Wednesday, 20 February 2013
I've had lots of friends in my life so far and I'm only 30. You may wonder why I'm writing about this in a blog post. The truth is that friends are very valuable. They come and go throughout a person's life. The first friends I remember having were my friends at Fir Tree Junior School, Wallingford, Oxon. UK. I always found it hard to make friends as I was really shy as a child and was convinced no one would want to be friends with me either due to my disabilities or the fact I wouldn't be "interesting" enough to them as a person, or we'd not have things in common outside the fact we went to the same school. I definitely went through many stages of rejection and being misunderstood by people. I came to think of my Personal Assistants at school as my friends. I remember also I was happy upon knowing some of them would be going to Didcot Girls' Secondary School with me when I was 11, so I felt better about this move. I was really happy to move schools anyway as I had always had a hunger for learning new things and wanted to be challenged in my education. My friends at Fir Tree helped by accepting me as I am and therefore people at the school started noticing me more. I was happy with just a small group of friends and have always been happier knowing a few people well rather than many people less well. As my life progressed, I met people outside school. I met a few friends (Thato Van der Zwaal and James Robertson) at Riding for the Disabled at Kingston Bagpuize, Oxon. When I was about 16, I went on a holiday to La Clusaz, in the French Alps courtesy of the same RDA group. At the airport I met Jodie Pedder, who I've seen a few times since. During my time at Swansea University, I met Siobhan Rabbit, who was originally from Manchester. At Reading I came across friends who came from all over the world: Taiwan, China, Japan, Italy, and Germany. Many of them left the University, and the UK at the end of our first year at University, and I lost contact with them. Thato and Jodie remain great friends, with whom I can share everything, laugh, cry and have a great time.
I remembers I was in the dining room in my hall at University sitting next to a girl I got chatting to. She told me she was looking for a housemate and I came out with " why don't you and me share together. My friends and I are looking for another flat mate. Her name was Lan Anh Do and she was
from Vietnam. We became very good friends, both being fashion and beauty mad and complete
shopaholics. I've got her to thank for introducing me to Mango!
A few days ago, I finished reading "El Mundo Amarillo" (The Yellow World), a book written by Albert Espinosa
I saw "Pulseras Rojas" last Summer on TV- a series about kids at a hospital in Barcelona. They were between about 8 and 14 years old, and were in the hospital for varying reasons. The 8 year old was in a coma after kids dared him to jump off the highest diving board into the pool in exchange for him forming part of their group. There were 2 kids with cancer, a girl with anorexia, and a boy with heart problems. The series told of the friendships one forms when in a common situation eg in hospital. In order to better get through their experiences in hospital, they formed a friendship group called "Pulseras Rojas ( red bracelets) "pulseras" for short. Lleo, the Founder of the group, had kept all his ID bracelets from previous hospital stays and gave one to each group member.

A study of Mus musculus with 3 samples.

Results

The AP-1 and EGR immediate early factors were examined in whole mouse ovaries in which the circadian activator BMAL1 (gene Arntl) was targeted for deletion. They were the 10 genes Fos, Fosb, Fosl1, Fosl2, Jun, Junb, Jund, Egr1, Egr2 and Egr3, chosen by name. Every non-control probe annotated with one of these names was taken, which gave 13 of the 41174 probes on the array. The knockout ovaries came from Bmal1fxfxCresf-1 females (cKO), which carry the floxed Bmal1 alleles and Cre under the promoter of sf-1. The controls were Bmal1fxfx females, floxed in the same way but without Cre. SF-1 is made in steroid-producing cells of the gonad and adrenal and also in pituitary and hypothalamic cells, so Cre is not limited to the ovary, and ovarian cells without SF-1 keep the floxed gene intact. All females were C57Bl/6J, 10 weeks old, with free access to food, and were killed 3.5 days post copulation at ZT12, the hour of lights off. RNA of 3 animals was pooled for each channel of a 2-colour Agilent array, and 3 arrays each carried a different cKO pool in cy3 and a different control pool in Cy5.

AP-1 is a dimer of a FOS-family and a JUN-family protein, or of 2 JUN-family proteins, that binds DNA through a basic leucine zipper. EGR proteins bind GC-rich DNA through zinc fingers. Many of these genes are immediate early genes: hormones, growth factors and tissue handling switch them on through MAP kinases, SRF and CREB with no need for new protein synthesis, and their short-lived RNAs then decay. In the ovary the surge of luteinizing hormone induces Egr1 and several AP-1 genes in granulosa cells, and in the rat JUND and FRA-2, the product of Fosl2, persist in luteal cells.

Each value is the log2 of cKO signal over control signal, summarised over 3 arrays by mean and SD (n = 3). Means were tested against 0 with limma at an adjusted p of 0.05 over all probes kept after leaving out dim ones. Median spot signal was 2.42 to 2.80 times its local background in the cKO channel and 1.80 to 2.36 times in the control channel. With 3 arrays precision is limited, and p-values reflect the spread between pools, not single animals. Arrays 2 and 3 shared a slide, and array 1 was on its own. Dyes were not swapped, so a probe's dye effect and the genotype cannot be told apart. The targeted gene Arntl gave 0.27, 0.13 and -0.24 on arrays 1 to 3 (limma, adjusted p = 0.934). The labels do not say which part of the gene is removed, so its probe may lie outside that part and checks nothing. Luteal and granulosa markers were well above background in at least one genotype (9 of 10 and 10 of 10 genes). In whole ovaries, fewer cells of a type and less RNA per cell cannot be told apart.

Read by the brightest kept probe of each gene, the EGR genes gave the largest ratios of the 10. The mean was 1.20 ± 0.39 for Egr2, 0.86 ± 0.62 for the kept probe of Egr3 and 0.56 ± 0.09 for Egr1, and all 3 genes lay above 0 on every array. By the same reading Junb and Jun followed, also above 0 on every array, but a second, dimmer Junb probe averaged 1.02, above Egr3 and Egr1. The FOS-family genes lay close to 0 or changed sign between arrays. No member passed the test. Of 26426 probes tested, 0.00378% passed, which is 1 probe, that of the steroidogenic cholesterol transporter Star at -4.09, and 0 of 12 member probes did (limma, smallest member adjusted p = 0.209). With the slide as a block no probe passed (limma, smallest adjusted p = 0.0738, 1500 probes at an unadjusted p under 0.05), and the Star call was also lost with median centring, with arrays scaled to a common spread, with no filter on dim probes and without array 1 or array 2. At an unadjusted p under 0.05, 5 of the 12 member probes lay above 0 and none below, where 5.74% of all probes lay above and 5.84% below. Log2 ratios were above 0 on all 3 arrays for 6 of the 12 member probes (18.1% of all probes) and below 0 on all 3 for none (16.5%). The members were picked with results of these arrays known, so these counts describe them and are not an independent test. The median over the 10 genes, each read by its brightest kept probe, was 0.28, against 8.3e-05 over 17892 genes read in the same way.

The book had me hooked from the first page. It was based on Albert's own experiences of having been diagnosed with cancer, his take on cancer and how he dealt with it, and what he learnt from the
people he met whilst in Hospital. The book is cleverly written, with each chapter focusing on a
"discovery" he made resulting from his experiences. He claims a person will have 23 people that
meet who can be classed as "Yellows" (the equivalent of a best friend) in their life, and will meet them in different
situations. He says these are people who one isn't afraid to be themselves with, and the difference between a friend and someone who fits into the select group of "The Yellows" is that the people in this group are people you don't have to have much contact with or need to have seen for awhile, for there always to be that bond between you that means you always get on.
The book teaches the reader alot about friendship, your attitude to life when you have an illness or disability that requires you to be in hospital at various points in your life. Also the importance of
friends In helping you cope with your hospital stay, and the importance of friendship outside the
From my own experience, the nurses, some drs and the friends I made during hospital stays were
incredibly valuable to me. The book also says we shouldn't be scared of death or losing someone. I
lost a good friend who I was in Hospital with years ago, and friends have come and gone in my life,
but I really value the ones I have and hope to keep them for years to come. I also know I'll meet more in unexpected places and at various stages of my life.
Finally, I enjoyed the book as I could identify with it due to meeting people I classed as friends in hospital, and I could identify with what one feels when in hospital. In short, a very enjoyable book. There's also an English language version available. I'd highly recommend it to anyone regardless of if they have experience of disability, illness or hospital stays or not.